Holly Richardson: Time for a return to early Mormon feminism?

(Trent Nelson | The Salt Lake Tribune) Kenneth Maryboy next to a bust of Emmeline B. Wells after visiting with the House Democratic caucus in Salt Lake City on Tuesday Feb. 12, 2019.

In the spring of 1830, Joseph Smith Jr. founded The Church of Jesus Christ of Latter-day Saints. Almost 12 years later, in a collaborative revelation between Joseph Smith and women including Eliza R. Snow, Sarah Kimball and Margaret Cook, the LDS Relief Society was formed.

In her book “Women at Church,” Neylan McBain notes “the constructive three-way collaboration between the women, the prophet, and the Lord resulted in a women’s organization that was the first of its kind in the modern world and still thrives today.”

Women of the early Relief Society gave blessings to the sick, did religious rites of washing and anointing to women in childbirth and generally felt they had full access to the Priesthood, even though it was something the men of the church were ordained to and the women were not. Early in the days of the LDS church, women were active in politics, including the national suffrage movement and had the right to vote before they achieved statehood.

Female church leaders of the early 20th century, such as Emmeline B. Wells, were active suffragettes. Sister Wells is known to have quipped: “I believe in women, especially thinking women.” She also ran for office and served as the general Relief Society president for the LDS church. She used her public presence as an opportunity to speak and write about women’s rights.

Through the years, Emmeline took pride in the fact that the Relief Society had opened “one of the most important eras in the history of woman. It presented the great woman-question to the Latter-day Saints, previous to the woman’s rights organizations ... not in any aggressive form as woman opposed to man, but as a co-worker and help-meet in all that relates to the well-being and advancement of both, and mutual promoting of the best interests of the community at large.”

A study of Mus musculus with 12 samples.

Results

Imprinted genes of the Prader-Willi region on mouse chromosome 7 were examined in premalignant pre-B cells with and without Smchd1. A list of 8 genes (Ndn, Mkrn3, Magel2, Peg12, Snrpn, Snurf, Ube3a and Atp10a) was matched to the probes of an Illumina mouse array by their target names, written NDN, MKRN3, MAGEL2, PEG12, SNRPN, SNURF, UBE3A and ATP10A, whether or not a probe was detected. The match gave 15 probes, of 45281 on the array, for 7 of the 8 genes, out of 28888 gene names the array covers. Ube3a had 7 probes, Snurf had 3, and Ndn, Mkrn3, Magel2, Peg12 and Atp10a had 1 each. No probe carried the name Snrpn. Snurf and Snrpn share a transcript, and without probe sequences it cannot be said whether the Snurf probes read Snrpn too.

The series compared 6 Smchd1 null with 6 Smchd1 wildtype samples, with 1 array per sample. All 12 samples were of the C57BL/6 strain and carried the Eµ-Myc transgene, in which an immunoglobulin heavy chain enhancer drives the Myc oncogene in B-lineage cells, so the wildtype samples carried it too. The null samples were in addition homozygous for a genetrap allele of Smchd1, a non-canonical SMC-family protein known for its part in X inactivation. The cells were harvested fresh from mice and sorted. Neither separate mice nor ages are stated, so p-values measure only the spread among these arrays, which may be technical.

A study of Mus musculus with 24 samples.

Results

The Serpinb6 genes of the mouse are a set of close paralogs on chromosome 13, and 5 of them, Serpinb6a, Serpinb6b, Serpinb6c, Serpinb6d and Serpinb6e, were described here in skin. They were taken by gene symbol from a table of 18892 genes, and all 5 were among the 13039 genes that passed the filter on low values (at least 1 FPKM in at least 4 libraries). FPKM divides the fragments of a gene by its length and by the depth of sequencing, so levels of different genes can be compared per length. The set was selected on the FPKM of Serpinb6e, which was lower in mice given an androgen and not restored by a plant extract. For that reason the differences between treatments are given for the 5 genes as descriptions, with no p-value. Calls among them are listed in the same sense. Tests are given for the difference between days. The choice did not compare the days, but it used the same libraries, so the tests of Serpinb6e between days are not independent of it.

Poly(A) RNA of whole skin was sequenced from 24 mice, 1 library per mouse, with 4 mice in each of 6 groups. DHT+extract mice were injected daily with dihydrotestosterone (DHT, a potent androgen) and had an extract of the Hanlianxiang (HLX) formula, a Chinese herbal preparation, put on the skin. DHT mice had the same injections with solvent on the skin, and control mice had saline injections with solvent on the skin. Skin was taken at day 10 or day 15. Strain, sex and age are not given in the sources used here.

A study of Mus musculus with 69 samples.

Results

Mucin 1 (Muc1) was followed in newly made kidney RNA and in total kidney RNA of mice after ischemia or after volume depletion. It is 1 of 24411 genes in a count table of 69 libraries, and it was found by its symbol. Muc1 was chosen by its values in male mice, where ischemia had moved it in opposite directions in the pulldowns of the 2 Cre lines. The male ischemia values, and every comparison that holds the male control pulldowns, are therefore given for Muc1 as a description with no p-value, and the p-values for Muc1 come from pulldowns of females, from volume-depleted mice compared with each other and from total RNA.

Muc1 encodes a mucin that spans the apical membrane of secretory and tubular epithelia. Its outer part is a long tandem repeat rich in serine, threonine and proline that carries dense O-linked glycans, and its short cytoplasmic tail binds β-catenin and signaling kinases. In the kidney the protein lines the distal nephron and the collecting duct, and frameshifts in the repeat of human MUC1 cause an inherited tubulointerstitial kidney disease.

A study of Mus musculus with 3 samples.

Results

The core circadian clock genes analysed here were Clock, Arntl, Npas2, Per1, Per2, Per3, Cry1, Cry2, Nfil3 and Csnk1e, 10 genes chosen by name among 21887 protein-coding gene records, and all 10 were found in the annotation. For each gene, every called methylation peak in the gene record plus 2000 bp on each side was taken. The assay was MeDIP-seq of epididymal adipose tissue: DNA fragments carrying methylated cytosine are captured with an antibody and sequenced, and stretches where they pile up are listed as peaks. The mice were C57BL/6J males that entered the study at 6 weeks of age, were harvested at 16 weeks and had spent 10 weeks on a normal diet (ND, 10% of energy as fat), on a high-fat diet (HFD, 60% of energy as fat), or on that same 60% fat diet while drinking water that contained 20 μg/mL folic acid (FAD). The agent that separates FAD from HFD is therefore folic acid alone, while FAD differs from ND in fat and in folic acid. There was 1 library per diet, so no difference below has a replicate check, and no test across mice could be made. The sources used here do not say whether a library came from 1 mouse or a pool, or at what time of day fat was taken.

Orson F. Whitney, speaking at the Utah Constitutional Convention in 1895, said: “It is woman’s destiny to have a voice in the affairs of government. She was designed for it. She has a right to it. This great social upheaval, this woman’s movement that is making itself heard and felt, means something more than that certain women are ambitious to vote and hold office. I regard it as one of the great levers by which the Almighty is lifting up this fallen world, lifting it nearer to the throne of its Creator.”

According to Joanna Brooks, writing in the Journal, “Dialogue,” the shift away from those early days of seeing women as equals can be seen just by looking at articles published in the LDS Church’s youth magazine.

“In the late nineteenth and early twentieth centuries all of the articles in the Church’s youth magazine the Era “advocate[d] nontraditional, or extra-domestic, activities for women” — a reflection of the hands-on roles that Mormon women played in the economic lives of Utah communities as well as in national politics, social reform, the building of institutions like hospitals and schools, and LDS Church life."

This shifted dramatically between 1910 and the 1970s — from 66% advocating “non-traditional” roles in 1910, to almost 74 percent defining young women only in relationship to domestic roles in the 1970s.

Over time, attitudes changed and early Mormon women’s writings were lost. In the 1970s, Susan Kohler re-discovered the Woman’s Exponent, a progressive newspaper produced by and for Mormon women, in Harvard’s Widener Library. Many Mormon feminists of the 1970s were stunned by the bold proclamations of feminism by those early Mormon women. Laurel Ulrich remembered, “These women were saying things in the 1870s that we had only begun to think.”

In the last 18 months, current leaders of The Church of Jesus Christ have implemented numerous changes affecting the women of the church and, based on early church history, I wonder if they aren’t more of a restoration than an innovation.

It doesn’t really matter, though. God loves His daughters just as much as His sons - and now policies are reflecting that even more.

| Courtesy Holly Richardson, op-ed mug.

Holly Richardson, a regular contributor to The Salt Lake Tribune, was personally rooting for allowing mothers with children still at home to serve as temple workers. She is raising a granddaughter and will be nearly 70 before her granddaughter turns 18. She’d rather serve now.